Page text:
By Peter J. Smith

BOSTON, December 1, 2009 ( – Episcopal priests in the eastern part of Massachusetts, the birthplace of same-sex “marriage” in the United States, now have permission to “solemnize” the marriages of “all eligible couples,” including those entering same-sex unions, according to a new pastoral directive from the local Episcopal bishop.

Bishop M. Thomas Shaw III, consecrated the 15th bishop of Massachusetts in 1995, releaseda letter to all priests and parishes in the diocese on Sunday, informing them of the decision. Shaw, who is also a member of the religious order Society of St. John the Evangelist, defended his decision, citing a July resolution from the Episcopal Church's General Convention that recommended: “bishops, particularly in dioceses within civil jurisdictions where same-gender marriage is legal, may provide generous pastoral response to meet the needs of members of this church.”

“Christian marriage is a sacramental rite that has evolved in the church,” wrote Shaw, adding that marriage “must be open to all as a means of grace and sustenance to our Christian hope.”

In this vein, Shaw indicated that both heterosexual and homosexual “marriages” are “characterized, just as our church expects, by fidelity, monogamy, mutual affection and respect, and the holy love which enables spouses to see in one another the image of God.”

Shaw made no mention in his letter of “procreation” as an essential component of Christian marriage, geared toward the rearing and education of children. Instead Shaw emphasized marriage as primarily an institution of mutual fidelity and commitment without its traditional reference as a good ordered to the begetting and raising children.

“It's time for us to offer to gay and lesbian people the same sacrament of fidelity that we offer to the heterosexual world,” Shaw explained to the Boston Globe on Sunday.

Shaw informed diocesan priests that while the canons of the Episcopal Church allow them to solemnize weddings – in Massachusetts this includes witnessing the declaration of consent, declaring the marriage to the congregation, and signing the marriage certificate – no priests were required to perform same-sex services and could freely decline them.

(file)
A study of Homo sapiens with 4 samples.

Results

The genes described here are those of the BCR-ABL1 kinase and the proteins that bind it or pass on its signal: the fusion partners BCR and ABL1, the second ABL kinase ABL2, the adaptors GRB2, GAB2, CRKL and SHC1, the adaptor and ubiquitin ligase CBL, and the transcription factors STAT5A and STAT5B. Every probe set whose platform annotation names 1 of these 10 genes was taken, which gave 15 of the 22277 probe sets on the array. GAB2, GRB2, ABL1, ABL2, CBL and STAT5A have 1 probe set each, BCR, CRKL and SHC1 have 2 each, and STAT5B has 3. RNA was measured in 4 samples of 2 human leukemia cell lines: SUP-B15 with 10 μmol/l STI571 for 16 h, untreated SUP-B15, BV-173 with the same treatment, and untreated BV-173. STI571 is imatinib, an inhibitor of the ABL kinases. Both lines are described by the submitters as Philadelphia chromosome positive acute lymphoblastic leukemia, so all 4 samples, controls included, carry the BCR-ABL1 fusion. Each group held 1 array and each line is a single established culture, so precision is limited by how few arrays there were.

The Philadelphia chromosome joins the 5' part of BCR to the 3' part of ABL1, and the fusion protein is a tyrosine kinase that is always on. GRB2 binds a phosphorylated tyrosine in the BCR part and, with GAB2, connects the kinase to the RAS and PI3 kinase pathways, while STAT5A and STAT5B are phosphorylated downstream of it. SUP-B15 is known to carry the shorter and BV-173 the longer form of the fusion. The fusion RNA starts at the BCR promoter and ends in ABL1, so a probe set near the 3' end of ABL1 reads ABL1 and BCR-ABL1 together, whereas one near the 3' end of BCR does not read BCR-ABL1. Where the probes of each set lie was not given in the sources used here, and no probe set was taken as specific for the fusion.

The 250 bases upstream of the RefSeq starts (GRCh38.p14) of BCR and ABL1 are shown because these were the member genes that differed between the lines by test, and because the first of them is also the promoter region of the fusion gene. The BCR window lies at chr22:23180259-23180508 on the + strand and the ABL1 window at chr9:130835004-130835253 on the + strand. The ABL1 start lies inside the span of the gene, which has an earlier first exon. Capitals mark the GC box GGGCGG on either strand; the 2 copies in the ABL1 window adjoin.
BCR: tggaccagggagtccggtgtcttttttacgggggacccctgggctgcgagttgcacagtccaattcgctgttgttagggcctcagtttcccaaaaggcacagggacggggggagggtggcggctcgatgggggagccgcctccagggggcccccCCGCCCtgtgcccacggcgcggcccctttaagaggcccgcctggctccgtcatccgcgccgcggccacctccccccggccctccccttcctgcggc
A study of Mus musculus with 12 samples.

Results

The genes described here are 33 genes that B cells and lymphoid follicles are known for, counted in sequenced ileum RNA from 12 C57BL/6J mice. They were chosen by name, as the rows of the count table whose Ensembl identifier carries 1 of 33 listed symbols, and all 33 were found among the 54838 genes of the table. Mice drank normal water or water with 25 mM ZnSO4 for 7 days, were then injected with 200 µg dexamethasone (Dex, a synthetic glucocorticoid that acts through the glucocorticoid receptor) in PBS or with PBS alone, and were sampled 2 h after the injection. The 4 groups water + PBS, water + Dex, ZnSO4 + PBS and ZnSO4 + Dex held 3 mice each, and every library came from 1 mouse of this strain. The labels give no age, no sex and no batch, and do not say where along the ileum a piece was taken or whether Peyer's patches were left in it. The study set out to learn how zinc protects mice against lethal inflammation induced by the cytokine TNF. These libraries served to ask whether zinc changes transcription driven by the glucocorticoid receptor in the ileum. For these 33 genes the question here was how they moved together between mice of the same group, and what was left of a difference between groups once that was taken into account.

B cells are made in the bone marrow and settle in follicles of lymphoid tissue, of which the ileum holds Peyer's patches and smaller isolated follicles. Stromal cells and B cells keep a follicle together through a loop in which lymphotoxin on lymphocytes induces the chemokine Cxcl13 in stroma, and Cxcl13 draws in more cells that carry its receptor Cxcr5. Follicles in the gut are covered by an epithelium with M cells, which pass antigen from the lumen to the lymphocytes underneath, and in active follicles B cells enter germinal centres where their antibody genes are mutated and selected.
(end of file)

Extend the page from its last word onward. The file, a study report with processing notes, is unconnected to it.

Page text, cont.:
The bishop also stated that the marriage liturgy in the Book of Common Prayer still remains gender-specific and priests were prohibited from using its texts for “marrying” same-sex couples. Instead, Shaw recommended priests “seek out liturgical resources being developed and collected around the church.”

Bishop Shaw's decision affects only the eastern part of Massachusetts. The diocese of Western Massachusetts, based in Springfield, is under the separate jurisdiction of Bishop Gordon Paul Scruton, who has so far honored the request from Archbishop Rowan Williams of Canterbury, the leader of the worldwide Anglican Communion, not to further aggravate the seriously fractured nature of the Anglican Communion.

In contrast to Shaw, Bishop Scruton told members of his diocese after the 76th General Convention in July that, “Since our church's Constitution and Prayer Book stipulate that marriage is between a man and a woman, and since the Anglican Communion has requested us to exercise restraint in moving forward with Blessings, we will continue our practice of not allowing Blessings in this diocese.”